The "big box" store was the subject exploited by photographer Keith Yahrling of Philadelphia, PA. His photos took first place honors in PhotoSpiva 2009.
PhotoSpiva 2009, the 33rd annual national photography competition hosted by the George A. Spiva Center for the Arts in Joplin has been labeled the "most competitive in PhotoSpiva history," according to Spiva director Jo Mueller. Out of 985 entries submitted by 185 photographers, this year's juror Jim Stone selected only 77 images by 51 artists. The work will be hung in Spiva's main gallery until May 3.
The exhibit has celebrated the gamut of styles and tastes from outlandish digital manipulation to a more traditional use of photographic reproduction, with the contest recognizing the work of both professionals as well as amateurs building a resume.
Stone, an associate professor of photography in the Department of Art and Art History at the University of New Mexico, is a social photographer. He gave special consideration to those photographs that represented a theme that would engage the imagination.
First place went to Keith Yahrling of Philadelphia, PA for his archival digital prints depicting “big box" stores in Philadelphia and Cherry Hill, NJ. The unpopulated spaces included the front end of Target, the massive inventory of a building supply store like Home Depot and the packed showcases of a hunting and fishing store like Cabela's. Yahrling uses a large format camera to capture the dehumanizing effect of current American consumerism.
"Francesca" by Springfield photographer/instructor Andrea Land
Andrea Land of Springfield, MO received second place for three digital C-prints—“Stella,” “Francesca,” and “Angelina.” The young children in various poses are compelling. Land says of her work:
"...My portraits of children contain various layers of information relating to the artist, the subject and a mutual exchange between the two. The work seeks to explore the psyche of complex individuals. Each young girl, while physically existing in the natural world, also thrives in another realm, an insular dream state, with her gaze turned inward. The photographs exist as both fictional and autobiographical creations (growing up in an all female, Midwest household). Relating to the temporary situation of childhood, I am fascinated by young individuals’ imagination and intensity of experience. My curiosity about childhood, as a state of limbo and a game of illusion, creates additional layers with which to contemplate. Visually exploring the girls’ stances and embellished environments, the audience enters into a private world of vulnerability, isolation, imagination and memory. A delicate balance exists between the real and the imagined, the beautiful and the grotesque.”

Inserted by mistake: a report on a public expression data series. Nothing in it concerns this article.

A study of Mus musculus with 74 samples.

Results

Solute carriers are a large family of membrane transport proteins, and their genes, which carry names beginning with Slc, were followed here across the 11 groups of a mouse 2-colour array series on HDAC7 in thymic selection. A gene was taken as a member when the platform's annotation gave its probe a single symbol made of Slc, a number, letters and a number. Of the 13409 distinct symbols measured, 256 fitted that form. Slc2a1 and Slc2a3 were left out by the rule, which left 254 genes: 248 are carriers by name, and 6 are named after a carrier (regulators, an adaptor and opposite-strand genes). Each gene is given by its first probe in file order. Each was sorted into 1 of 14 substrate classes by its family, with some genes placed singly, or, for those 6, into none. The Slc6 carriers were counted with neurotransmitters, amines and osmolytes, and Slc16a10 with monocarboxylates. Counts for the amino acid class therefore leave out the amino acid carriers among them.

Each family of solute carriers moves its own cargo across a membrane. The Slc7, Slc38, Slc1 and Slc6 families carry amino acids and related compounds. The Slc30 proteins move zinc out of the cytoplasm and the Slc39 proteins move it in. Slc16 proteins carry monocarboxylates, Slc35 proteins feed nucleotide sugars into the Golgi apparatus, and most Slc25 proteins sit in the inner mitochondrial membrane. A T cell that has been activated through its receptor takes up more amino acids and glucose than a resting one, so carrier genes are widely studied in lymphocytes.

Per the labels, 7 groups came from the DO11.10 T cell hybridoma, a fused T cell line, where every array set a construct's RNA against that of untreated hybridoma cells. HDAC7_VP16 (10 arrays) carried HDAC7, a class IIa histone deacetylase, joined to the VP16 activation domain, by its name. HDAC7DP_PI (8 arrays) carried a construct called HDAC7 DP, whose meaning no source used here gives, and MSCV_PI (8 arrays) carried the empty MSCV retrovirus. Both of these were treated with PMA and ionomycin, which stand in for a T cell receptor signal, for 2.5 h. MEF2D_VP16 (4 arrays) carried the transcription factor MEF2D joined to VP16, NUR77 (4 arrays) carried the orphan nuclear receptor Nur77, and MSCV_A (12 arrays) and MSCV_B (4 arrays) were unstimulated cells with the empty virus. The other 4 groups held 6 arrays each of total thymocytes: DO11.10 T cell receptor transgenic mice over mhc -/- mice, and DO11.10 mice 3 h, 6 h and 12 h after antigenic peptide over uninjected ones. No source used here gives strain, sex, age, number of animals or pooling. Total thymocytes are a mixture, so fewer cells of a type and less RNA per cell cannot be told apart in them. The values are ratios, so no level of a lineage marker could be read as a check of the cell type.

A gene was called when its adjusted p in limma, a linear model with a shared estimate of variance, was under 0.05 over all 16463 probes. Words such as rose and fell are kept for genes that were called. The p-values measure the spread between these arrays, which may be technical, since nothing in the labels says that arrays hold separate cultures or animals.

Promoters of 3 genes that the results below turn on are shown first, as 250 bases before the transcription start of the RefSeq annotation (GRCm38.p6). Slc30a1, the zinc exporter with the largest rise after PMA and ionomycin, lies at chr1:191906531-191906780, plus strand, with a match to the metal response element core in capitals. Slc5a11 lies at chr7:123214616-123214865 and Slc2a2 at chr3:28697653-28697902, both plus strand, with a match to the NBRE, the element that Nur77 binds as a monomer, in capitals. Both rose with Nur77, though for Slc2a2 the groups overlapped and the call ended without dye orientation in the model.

Land, whose award-winning work has been displayed in galleries across the US, currently is a photography instructor at Missouri State University.
Third place honors were awarded to David Gardner of San Francisco, CA for his body of work including “Balance #2” and “Labyrinth. San Francisco,” archival digital prints. Gardner says that although he found his voice and vision through photography at an early age, he became frustrated by the limitations in using film and nearly stopped photographing for a while until the advent of the digital age reinvigorated his passion. His winning photos depict not the grand landscapes of his former experience but as he says, "little meditations on a place" and the "beauty of..simple moments in time."
Three photographers received Honorable Mention Awards: Joe Cornett (Flagstaff, AZ) for “Grubsteak” and “Harris’ Mural,” archival digital prints; Cathryn Griffin (Cullowhee, NC) for a trio of archival inkjet images taken in Bondsville, Massachusetts, 2006—“Globe,” “Baby Shoes,” and “AM Radio.” Gwen Volner Walstrand (Springfield, MO) received an Honorable Mention for two toned gelatin silver prints, “Ean and Quin” and “Elizabeth.”
Stone assigned Merit Awards to Christina Z. Anderson (Bozeman, MT) for “Family of Origin: Skiers,” a tricolor gum bichromate print; Daniel W. Coburn (Topeka, KS) for “Water Foul,” archival inkjet print; Robert Sulkin (Roanoke, VA) for “Snapshot #4” and “Snapshot #35,” archival digital prints; and Kimberly Arveda Witham (High Bridge, NJ) for “Green Jacket (from the series Aunt Dot’s House),” c-print.
PhotoSpiva 2009 is presented with financial assistance from the Joplin Convention and Visitors Bureau, the Freeman R. Johnson Trust, Friends of St. Avips, and the Missouri Arts Council, a state agency. On tap for March 31, 2009 is "1,000 Words in Poetry Inspired by PhotoSpiva2009." The event will feature readings by Missouri Southern State University students and faculty beginning at 7 p.m.
Spiva Center for the Arts is located at Third and Wall in downtown Joplin. The galleries and gift shop are open Tuesday through Saturday, 10 a.m. to 5 p.m., and Sunday, 1-5 p.m. Admission to the AT&T Main Gallery is by voluntary contribution. The center is closed Mondays and major holidays.
Additional photos of the winners may be found here.